In the letter they said “the existence of a network of smaller abattoirs enabling thousands of family farmers to supply meat and other livestock products to a growing number of customers, either directly or via retail and catering outlets, represents a huge national asset”.
The Campaign for Local Abattoirs, which coordinated the joint letter, was established by the Sustainable Food Trust and National Craft Butchers to highlight the current crisis in the supply of local meat.
In Defra’s consultation in May of this year, the government said it prefers farm animals to be slaughtered close to the place of production, yet statistics suggest the opposite is happening.
A third of small abattoirs have closed in the past 10 years and six (10%) of small abattoirs have closed in the last 12 months with the latest, Bakers of Nailsea, which has been serving farmers and butchers in Somerset for 120 years, closing in July.
A plan of action was put forward in the letter, suggesting that all farmers producing meat for local markets have access to adequate slaughtering facilities within economically viable distances. It proposed that the government explored the barriers to the survival of local abattoirs. It also asked for the establishment of a working party to advise on how to achieve these objectives.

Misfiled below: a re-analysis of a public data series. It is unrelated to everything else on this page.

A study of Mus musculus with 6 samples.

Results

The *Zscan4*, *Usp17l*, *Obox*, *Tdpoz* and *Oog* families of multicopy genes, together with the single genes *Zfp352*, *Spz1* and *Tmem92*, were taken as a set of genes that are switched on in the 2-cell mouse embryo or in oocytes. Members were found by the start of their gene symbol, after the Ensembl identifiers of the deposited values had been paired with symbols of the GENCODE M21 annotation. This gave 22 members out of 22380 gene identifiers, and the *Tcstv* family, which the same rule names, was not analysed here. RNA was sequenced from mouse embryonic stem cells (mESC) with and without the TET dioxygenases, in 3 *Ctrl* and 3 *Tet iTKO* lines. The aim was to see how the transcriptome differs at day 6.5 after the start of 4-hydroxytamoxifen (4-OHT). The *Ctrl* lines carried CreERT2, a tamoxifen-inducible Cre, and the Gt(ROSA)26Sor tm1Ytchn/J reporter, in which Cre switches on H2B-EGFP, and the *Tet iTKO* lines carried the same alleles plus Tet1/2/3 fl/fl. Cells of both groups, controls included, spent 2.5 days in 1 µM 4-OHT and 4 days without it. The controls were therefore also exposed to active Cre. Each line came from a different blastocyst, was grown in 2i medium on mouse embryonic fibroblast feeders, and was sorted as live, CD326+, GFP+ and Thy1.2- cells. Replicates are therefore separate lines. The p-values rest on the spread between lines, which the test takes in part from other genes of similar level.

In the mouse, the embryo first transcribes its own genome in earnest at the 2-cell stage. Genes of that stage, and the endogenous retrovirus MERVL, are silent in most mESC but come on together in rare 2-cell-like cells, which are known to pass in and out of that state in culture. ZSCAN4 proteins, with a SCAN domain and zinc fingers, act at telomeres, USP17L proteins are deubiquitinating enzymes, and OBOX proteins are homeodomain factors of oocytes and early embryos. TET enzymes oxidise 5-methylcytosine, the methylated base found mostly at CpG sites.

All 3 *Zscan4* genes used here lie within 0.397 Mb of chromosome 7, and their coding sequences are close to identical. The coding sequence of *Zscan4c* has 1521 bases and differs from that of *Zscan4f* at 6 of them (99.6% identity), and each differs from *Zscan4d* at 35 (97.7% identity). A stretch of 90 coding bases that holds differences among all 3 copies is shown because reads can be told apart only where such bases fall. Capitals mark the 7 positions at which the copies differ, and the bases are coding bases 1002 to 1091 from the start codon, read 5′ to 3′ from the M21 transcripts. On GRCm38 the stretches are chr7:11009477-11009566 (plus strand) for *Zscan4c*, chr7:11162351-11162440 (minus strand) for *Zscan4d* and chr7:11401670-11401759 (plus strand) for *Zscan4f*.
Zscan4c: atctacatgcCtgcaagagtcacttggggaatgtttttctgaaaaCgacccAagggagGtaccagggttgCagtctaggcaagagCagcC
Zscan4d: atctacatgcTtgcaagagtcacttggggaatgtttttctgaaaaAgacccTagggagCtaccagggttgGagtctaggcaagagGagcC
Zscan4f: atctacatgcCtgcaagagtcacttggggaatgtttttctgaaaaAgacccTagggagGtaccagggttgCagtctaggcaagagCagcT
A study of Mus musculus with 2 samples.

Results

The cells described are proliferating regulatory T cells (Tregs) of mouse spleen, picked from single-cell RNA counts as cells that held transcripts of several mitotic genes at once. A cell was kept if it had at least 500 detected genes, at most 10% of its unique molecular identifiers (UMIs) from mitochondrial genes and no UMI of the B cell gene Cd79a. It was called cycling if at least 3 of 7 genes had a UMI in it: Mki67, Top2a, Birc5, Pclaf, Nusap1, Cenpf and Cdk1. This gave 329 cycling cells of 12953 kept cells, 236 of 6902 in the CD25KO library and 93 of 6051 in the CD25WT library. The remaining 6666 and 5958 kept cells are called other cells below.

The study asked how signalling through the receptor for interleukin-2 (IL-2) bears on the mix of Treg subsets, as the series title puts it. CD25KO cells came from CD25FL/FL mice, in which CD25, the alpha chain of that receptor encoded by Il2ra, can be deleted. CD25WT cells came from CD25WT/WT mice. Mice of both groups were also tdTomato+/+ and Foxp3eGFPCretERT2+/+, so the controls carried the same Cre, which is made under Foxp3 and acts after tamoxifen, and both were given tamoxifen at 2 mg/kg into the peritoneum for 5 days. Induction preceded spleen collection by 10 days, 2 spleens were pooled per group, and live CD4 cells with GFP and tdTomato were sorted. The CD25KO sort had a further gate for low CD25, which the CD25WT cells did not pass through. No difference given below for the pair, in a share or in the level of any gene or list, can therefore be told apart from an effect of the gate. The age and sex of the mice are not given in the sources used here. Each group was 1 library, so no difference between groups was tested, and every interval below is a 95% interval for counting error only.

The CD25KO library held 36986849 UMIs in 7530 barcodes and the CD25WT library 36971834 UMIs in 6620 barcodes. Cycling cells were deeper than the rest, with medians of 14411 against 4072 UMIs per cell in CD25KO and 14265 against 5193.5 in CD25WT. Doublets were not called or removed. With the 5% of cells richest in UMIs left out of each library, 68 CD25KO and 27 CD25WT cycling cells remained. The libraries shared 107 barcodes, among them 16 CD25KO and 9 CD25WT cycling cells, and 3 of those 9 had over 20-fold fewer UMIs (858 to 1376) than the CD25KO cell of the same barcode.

Patrick Holden, chief executive of the Sustainable Food Trust, said: “The sale of locally-produced meat helps to keep many family farmers in business and has huge benefits for consumers and the environment. For the first time in my farming lifetime, Defra is genuinely striving to develop a more sustainable food system with additional focus on animal welfare.
“But that could come unstuck if we lose more local abattoirs. Without local slaughtering there will be no traceable local meat, it’s as simple as that.”
John Mettrick, chairman of National Craft Butchers and owner of a small abattoir in Derbyshire, added: “We have hit a perfect storm of problems: increased costs, rock bottom prices for hides and skins, some gold-plated regulations, and excessive paperwork, much of it involving unnecessary duplication.”